The Connecticut Office of Policy and Management is searching for a vendor who could analyze and model a complicated new taxation strategy that would replace part of the income tax with a payroll tax.

If implemented, the new tax structure could result in employees seeing a pay reduction of 5 percent to make up for the increase in payroll taxes for the employer, but the employee could then see an increase in overall pay through a reduced federal tax liability.

The new taxation strategy is meant to reduce some of the losses Connecticut residents face due to a new cap on state and local tax deductions implemented by 2017 Tax Cuts and Jobs Act.

Gov. Dannel Malloy’s administration estimated the cap would reduce SALT deductions by $10.3 billion for Connecticut residents and increase their federal tax payments by $2.3 billion.

The proposal was put forward by the CT School & State Finance Project in 2019 and the budget included a provision to analyze and study the idea.

The results of the analysis will be considered by a Payroll Commission, which will include the Commissioner of the Department of Revenue Services, the Secretary of the Office of Policy and Management and the co-chairs and ranking members of the Finance, Revenue and Bonding Committee.

The CT School & State Finance Project says the proposal could be a boon to Connecticut taxpayers.

“In short, the payroll tax proposal gives Connecticut wage earners and employers a tax break, paid for by the federal government, by reducing their net state and federal tax liability,” the CT Finance Project wrote.

The organization estimates Connecticut taxpayers would save $1 billion per year in reduced taxes and businesses would save $600 million per year through reducing their payments for social security and Medicare.

The SALT cap elicited outrage from Malloy and former Attorney General George Jepsen filed suit along with other states, alleging President Donald Trump’s administration was targeting high-tax, largely Democrat-led states. The lawsuit was dismissed by a federal court.

The cap also raised concerns that it could exacerbate Connecticut’s loss of wealthy individuals to other states with lower property taxes.

CT School & State Finance’s payroll tax idea received interest from Gov. Ned Lamont and lawmakers on both sides of the political aisle, particularly since it could increase revenues to the state by upwards of $300 million.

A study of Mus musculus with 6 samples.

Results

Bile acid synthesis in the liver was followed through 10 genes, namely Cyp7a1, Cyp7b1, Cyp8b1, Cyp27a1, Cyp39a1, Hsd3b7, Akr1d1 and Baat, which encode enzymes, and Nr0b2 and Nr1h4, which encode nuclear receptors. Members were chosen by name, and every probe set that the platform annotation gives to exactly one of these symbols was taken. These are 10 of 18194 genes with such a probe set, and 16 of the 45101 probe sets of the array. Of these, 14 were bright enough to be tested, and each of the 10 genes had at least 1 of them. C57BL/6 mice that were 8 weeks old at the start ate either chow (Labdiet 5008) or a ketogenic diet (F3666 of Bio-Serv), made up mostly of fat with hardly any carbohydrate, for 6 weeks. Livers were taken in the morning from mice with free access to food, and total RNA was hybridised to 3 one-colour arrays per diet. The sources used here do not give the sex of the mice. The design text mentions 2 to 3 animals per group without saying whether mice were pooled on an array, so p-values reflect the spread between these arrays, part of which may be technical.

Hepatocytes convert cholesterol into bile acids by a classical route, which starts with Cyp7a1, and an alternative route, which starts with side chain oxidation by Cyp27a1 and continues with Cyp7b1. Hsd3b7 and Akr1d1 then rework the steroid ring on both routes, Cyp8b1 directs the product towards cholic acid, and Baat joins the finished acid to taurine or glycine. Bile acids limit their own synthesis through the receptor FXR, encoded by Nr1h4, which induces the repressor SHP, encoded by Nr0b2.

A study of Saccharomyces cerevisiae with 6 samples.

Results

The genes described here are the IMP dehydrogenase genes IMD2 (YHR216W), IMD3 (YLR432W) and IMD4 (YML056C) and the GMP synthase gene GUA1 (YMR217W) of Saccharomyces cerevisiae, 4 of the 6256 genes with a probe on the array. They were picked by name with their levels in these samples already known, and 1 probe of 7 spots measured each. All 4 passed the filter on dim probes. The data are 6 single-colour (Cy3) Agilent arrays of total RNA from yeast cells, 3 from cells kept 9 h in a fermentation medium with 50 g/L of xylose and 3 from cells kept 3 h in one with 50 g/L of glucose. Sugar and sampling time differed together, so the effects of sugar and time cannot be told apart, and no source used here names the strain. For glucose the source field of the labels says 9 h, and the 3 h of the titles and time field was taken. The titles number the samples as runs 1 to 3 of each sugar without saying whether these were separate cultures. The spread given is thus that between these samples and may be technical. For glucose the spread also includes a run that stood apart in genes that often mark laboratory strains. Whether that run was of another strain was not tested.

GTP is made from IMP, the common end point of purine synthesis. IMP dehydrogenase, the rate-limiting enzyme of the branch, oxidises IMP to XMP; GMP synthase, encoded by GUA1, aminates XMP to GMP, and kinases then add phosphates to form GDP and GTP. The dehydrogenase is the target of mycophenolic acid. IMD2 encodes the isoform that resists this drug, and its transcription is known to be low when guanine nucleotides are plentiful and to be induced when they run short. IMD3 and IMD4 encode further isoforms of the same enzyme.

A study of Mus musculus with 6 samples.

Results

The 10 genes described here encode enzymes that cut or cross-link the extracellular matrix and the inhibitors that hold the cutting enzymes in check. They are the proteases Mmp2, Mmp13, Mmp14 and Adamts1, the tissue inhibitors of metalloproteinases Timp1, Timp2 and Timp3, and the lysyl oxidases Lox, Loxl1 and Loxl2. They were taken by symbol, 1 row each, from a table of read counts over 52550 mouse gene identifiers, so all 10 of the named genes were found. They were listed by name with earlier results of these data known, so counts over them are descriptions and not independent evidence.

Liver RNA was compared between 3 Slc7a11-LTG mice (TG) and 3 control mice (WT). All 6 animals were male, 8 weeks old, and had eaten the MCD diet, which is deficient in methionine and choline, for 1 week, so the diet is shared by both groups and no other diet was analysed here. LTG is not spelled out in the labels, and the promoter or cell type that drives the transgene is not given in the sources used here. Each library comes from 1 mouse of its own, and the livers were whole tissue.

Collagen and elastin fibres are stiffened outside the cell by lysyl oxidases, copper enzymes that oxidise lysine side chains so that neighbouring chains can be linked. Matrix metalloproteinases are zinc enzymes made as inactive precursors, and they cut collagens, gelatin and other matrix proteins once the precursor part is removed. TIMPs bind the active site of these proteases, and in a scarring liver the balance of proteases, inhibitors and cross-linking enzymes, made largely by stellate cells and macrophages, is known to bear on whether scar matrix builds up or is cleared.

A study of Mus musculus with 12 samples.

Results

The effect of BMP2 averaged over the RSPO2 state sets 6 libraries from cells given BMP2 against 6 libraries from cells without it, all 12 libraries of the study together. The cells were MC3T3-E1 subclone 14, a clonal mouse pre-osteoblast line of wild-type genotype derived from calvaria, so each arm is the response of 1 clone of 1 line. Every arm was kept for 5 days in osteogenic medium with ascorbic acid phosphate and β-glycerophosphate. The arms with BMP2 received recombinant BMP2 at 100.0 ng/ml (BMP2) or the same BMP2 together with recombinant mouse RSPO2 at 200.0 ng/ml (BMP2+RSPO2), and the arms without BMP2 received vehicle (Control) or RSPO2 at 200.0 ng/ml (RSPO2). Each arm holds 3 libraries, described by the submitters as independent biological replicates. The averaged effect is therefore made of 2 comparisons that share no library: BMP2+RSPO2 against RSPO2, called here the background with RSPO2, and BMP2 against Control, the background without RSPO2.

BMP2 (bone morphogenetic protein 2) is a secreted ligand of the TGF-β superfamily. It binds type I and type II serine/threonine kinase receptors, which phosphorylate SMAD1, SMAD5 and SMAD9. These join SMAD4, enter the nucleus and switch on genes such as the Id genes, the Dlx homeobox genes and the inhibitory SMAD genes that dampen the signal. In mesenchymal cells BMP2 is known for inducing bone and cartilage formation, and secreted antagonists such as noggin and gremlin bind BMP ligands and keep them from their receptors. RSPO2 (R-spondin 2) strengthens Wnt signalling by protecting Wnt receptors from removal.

Connecticut currently faces a crushing projected deficit of $7 billion over the next few years due to the COVID-19 pandemic and economic downturn.

Marc E. Fitch

Marc E. Fitch is the author of several books and novels including Shmexperts: How Power Politics and Ideology are Disguised as Science and Paranormal Nation: Why America Needs Ghosts, UFOs and Bigfoot. Marc was a 2014 Robert Novak Journalism Fellow and his work has appeared in The Federalist, American Thinker, The Skeptical Inquirer, World Net Daily and Real Clear Policy. Marc has a Master of Fine Arts degree from Western Connecticut State University. Marc can be reached at [email protected]


  1. Donna Ann DeFelice-Junk
    June 3, 2020 @ 2:27 pm

    Another outside vendor yet the state employees that deserve their raises aren’t getting them? TOO MANY PRIVATE CONTRACTORS doing the jobs that are already occupied by state employees. This only proves the incompetency of state employees in critical positions. I say the many Commissioners, Executives & their assistants need to do their jobs especially with the salaries & perks they receive or be dismissed! We shouldn’t need outside private vendors!!


    • Thad Stewart
      June 5, 2020 @ 4:53 pm

      Eloquently stated, too bad the gubner won’t hear it. He is deaf to any spending cuts.


  2. Paul Bartomioli
    June 3, 2020 @ 3:26 pm

    Governor Lamont is following the progressive method of governing. “Experts” are brought in to effect government policy whether that policy is an EO or a law passed by the legislature. It has its roots in FDR’s administrations and in the 1960s, LBJ and his “Great Society” codified it into law. Over the years, both on a state level in CT and a national level, the legislature is no longer responsible for the day to day mechanics of a law. Witness the fiasco of the “grocery tax” wherein the “experts” apparently grossly overstepped the intent of the legislature; or did they? The beauty of the system is the codification of the childhood response, “I didn’t do it.”